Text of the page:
INTEGRAL Status Report - May 2006
The 6th INTEGRAL workshop, 2-8 July 2006, cannot take place in St Petersburg due to the G8 summit meeting but will be held at IKI Moscow instead. Approximately 180 abstracts have been received.
Operations and Archiving
The 7th SPI annealing was successfully performed between 9 and 24 January 2006 recovering the energy resolutions of the detectors to close to their pre-launch values. Immediately following this, INTEGRAL performed four observations of the Earth as an occulting device to study the cosmic diffuse high-energy background.
As we are approaching solar minimum, a slow increase in the instrumental background counting rates is being observed. Work is in progress to re-allocate telemetry between the different instruments and observing modes in order to preserve the core scientific capabilities.
The ISDC continues to routinely dispatch data products to observers within 6-8 weeks of their observation. As of 2006 March, the on-line ISDC public archive includes nearly all public observations made until 2005 January. In collaboration with the ISDC, the ISOC Science Data Archive (ISDA) at ESAC has been updated with the latest data and products. These include products from the 2nd IBIS/ISGRI soft gamma-ray catalog containing >200 sources and published in the Astrophysical Journal.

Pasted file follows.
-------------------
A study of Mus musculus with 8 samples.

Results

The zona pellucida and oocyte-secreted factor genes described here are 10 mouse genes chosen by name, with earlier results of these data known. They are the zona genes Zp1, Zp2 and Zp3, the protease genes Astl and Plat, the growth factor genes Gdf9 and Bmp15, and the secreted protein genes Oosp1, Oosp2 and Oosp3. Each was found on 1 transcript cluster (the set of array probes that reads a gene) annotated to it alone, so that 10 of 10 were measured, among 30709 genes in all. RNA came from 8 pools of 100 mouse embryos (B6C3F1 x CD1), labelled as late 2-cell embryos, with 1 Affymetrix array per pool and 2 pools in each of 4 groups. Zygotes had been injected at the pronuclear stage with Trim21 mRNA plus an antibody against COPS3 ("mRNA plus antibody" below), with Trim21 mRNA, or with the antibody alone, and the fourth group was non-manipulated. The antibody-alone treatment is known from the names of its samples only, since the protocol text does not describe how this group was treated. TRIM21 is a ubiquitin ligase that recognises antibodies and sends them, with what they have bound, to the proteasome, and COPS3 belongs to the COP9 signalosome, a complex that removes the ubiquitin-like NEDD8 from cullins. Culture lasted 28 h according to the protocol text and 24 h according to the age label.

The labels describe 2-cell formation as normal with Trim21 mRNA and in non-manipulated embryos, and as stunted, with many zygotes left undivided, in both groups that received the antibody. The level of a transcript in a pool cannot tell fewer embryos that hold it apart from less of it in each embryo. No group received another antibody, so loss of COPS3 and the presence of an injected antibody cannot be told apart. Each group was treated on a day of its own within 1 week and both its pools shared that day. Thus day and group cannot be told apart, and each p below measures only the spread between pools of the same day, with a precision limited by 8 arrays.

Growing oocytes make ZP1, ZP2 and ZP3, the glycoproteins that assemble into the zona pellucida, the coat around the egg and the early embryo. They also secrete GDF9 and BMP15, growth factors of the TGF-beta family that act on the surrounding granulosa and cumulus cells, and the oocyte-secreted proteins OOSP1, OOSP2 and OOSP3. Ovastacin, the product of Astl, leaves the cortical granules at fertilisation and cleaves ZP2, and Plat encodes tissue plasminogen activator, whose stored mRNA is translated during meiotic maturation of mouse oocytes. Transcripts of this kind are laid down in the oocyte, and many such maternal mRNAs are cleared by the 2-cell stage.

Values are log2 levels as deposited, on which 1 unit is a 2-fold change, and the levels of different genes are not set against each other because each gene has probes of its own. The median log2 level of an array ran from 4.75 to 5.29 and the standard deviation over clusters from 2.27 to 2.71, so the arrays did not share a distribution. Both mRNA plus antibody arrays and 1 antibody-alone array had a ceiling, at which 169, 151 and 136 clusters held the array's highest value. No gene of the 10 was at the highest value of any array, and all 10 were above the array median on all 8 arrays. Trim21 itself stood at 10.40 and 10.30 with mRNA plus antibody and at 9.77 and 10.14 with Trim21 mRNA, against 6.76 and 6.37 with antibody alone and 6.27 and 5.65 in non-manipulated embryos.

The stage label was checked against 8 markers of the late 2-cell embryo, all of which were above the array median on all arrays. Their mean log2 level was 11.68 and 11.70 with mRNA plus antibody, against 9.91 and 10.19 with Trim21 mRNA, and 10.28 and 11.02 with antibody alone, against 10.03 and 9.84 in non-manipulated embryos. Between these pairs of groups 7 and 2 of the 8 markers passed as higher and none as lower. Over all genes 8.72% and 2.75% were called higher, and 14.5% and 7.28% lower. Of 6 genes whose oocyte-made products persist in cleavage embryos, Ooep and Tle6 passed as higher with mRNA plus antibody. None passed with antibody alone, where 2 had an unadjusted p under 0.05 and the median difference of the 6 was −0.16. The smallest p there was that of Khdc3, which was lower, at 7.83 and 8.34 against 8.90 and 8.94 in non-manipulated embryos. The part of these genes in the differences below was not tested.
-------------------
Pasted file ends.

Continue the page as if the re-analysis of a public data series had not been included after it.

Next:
As of the end of 2006 February, there have been 153 refereed and 335 non-refereed papers containing results from INTEGRAL. Of the refereed ones, 68 were published in 2005 and 16 to date in 2006. Kuiper et al. (ApJ in press) have studied four Anomalous X-ray Pulsars (AXPs) by combining data form INTEGRAL and R-XTE. These objects are extremely rare and only 7 are known to exist. Originally it was thought that they were binary systems and that their high-energy emission was produced by accretion onto a compact neutron star. An alternative theory is that they are single neutron stars with the energy needed to produce the high-energy emission coming from the decay of a super-intense magnetic field. The new results support this idea as the authors find exceptionally hard total emission and hard pulsed emission above 10 keV. The energy of this emission exceeds the spin-down power by a few orders of magnitude, and supports the idea that the decay of the magnetic field is responsible for the emission. However, the physics of how this happens is unclear and requires a new mechanism for particle acceleration in the magnetospheres of neutron stars.